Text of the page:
CARLISLE, MASS. — This holiday season, I'm through with apologizing, finished with being slightly embarrassed. I'm ready to stand behind any lectern, anytime, anywhere and declare with upraised fist: "My name is Carolyn Armistead, and I write an annual Christmas letter!"
You know - those photocopied messages you find tucked into your Christmas cards; the "Dear Friends and Family" letters that people (especially newspaper columnists) love to mock during the holidays. Well, the time has come to hear the other side of the story. It's high time that someone told The Truth About Christmas Letters.
First of all - and this is an important point - why do so many people claim to hate Christmas letters when they are sent by their own friends and family?
I can't imagine that annoying strangers are sending their news to a randomly chosen Christmas card list. These are the same folks who share our gene pool, those we've freely chosen to welcome into our social circles. They reflect who we truly are more than anyone else on the planet, so certainly they couldn't be that indiscreet, boastful, and irritating. Could they?
My next point comes with some valuable advice. People who hate printed Christmas letters should not read them. No one is holding a gun to their heads, hissing through clenched teeth, "read about little Susie's dance recital or else!" Instead, easily irritated recipients should release holiday stress by crushing each unread letter into a little ball and hurling it across the room. (True curmudgeons should try aiming at the angel on the top of the tree.) If you don't read them, you won't have anything to complain about. Problem solved.
I myself would never let a Christmas letter go unread. I'm aware that holiday letters present an edited, dressed-up-for-company view, but they still provide precious glimpses of information from the people I've chosen to keep in my life and in my address book. If I occasionally come across an account that's a bit too-good-to-be-true, they're never the blatant bragfests that stereotype and legend lead one to expect. Most of the letters I receive are warm, interesting, and full of self-deprecating humor. I like to think they reflect a new generation in Christmas letters, deserving a fresh, open-minded look from the letter Grinches among us.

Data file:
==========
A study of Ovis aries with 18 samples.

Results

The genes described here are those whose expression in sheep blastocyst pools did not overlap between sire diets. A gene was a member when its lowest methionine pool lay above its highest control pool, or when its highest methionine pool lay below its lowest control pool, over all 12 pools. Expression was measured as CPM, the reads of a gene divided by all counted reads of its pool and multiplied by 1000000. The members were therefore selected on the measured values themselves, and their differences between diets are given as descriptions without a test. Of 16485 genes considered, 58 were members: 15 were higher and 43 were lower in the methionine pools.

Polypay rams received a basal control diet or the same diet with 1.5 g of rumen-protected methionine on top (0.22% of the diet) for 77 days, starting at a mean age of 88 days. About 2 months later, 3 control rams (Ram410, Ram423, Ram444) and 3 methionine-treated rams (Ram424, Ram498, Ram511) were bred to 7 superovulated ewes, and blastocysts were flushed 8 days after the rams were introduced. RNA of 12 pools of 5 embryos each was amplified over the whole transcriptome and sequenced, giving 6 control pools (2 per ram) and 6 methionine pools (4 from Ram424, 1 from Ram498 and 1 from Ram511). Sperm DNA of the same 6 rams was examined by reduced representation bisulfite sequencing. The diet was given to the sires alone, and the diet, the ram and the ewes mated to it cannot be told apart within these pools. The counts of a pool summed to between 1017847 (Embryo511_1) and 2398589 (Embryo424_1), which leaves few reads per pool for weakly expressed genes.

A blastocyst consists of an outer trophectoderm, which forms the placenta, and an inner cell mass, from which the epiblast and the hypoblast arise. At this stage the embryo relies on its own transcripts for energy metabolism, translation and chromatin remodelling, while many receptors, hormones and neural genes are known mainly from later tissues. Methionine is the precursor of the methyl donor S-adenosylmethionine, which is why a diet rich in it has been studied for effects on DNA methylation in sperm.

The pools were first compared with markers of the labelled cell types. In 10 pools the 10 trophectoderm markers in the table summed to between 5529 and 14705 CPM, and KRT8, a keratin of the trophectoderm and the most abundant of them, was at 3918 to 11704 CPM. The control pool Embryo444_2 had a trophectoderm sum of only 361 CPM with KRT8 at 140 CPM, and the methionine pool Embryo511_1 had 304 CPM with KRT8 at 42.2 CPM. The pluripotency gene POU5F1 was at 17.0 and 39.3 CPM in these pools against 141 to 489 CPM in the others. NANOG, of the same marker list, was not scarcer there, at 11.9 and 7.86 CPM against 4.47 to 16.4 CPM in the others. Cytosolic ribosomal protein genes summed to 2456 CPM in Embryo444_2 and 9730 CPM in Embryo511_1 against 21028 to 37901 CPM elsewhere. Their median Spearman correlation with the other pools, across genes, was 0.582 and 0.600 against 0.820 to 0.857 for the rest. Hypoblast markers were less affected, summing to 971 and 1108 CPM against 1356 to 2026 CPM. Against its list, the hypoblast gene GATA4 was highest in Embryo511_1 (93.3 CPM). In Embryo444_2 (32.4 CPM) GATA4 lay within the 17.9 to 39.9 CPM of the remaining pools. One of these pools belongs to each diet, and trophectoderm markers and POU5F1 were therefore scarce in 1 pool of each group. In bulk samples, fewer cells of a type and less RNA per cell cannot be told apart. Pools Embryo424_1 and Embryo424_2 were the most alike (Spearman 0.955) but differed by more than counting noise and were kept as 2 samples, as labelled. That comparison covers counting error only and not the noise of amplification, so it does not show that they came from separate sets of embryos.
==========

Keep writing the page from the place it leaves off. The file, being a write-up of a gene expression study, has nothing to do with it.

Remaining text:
Those who don't indulge in this practice may ask: If Christmas letters are despised by a certain sector of the population, why do we insist on writing them in the first place? I'm genuinely interested in reading about the lives of my friends and family, so I take that leap of faith and hope they're interested in hearing about ours as well. I also write them because I don't have time to write a long, personal letter to everyone on my Christmas list, as much as I'd like to. And because Christmas is often the only time I communicate with a lot of folks, even with all my good intentions and fond feelings, I want to make it count.
The hidden truth - and something no one ever reveals - is that the people most deserving of Christmas card wrath aren't those who send mass-produced letters, but people who send cards with their names imprinted inside. That's all: their names, embossed in festive green, red, or gold, but not a blessed word of greeting or shred of information. I can gaze lovingly at my friends' names in my address book any old time I please. If I'm going to get mail from them, with a stamp and everything, I'd love to know something about them other than their impeccable taste in greeting cards.
I know, I know - we're busy, we're stressed, we're all doing the best we can. Christmas card shortcuts are necessary. Who has time for anything else?
On the other hand, we also know how it feels to be on the receiving end. It's disheartening to receive pristine cards lacking a human touch or to be merely one of the "dear friends and family" masses. We long for messages meant especially for us, scrawled in genuine handwriting. Even one line: "See you at the reunion," "Enjoy your midlife crisis," or "Smelly gym socks always make me think of you," can make that essential connection.
So, in the spirit of the season, I offer up a two-part wish: that more of us will find time to add personal touches to our holiday greetings; and that we will find it in our hearts to accept - graciously - the well-meant attempts of those wishing to connect with us. Even if that means taking a softer, more tolerant stance on the subject of Christmas letters.
And especially if you're on my list.
• Carolyn Armistead is a mother, voice-over actress, and writer - not just of (humble) Christmas letters, but of magazine and newspaper articles.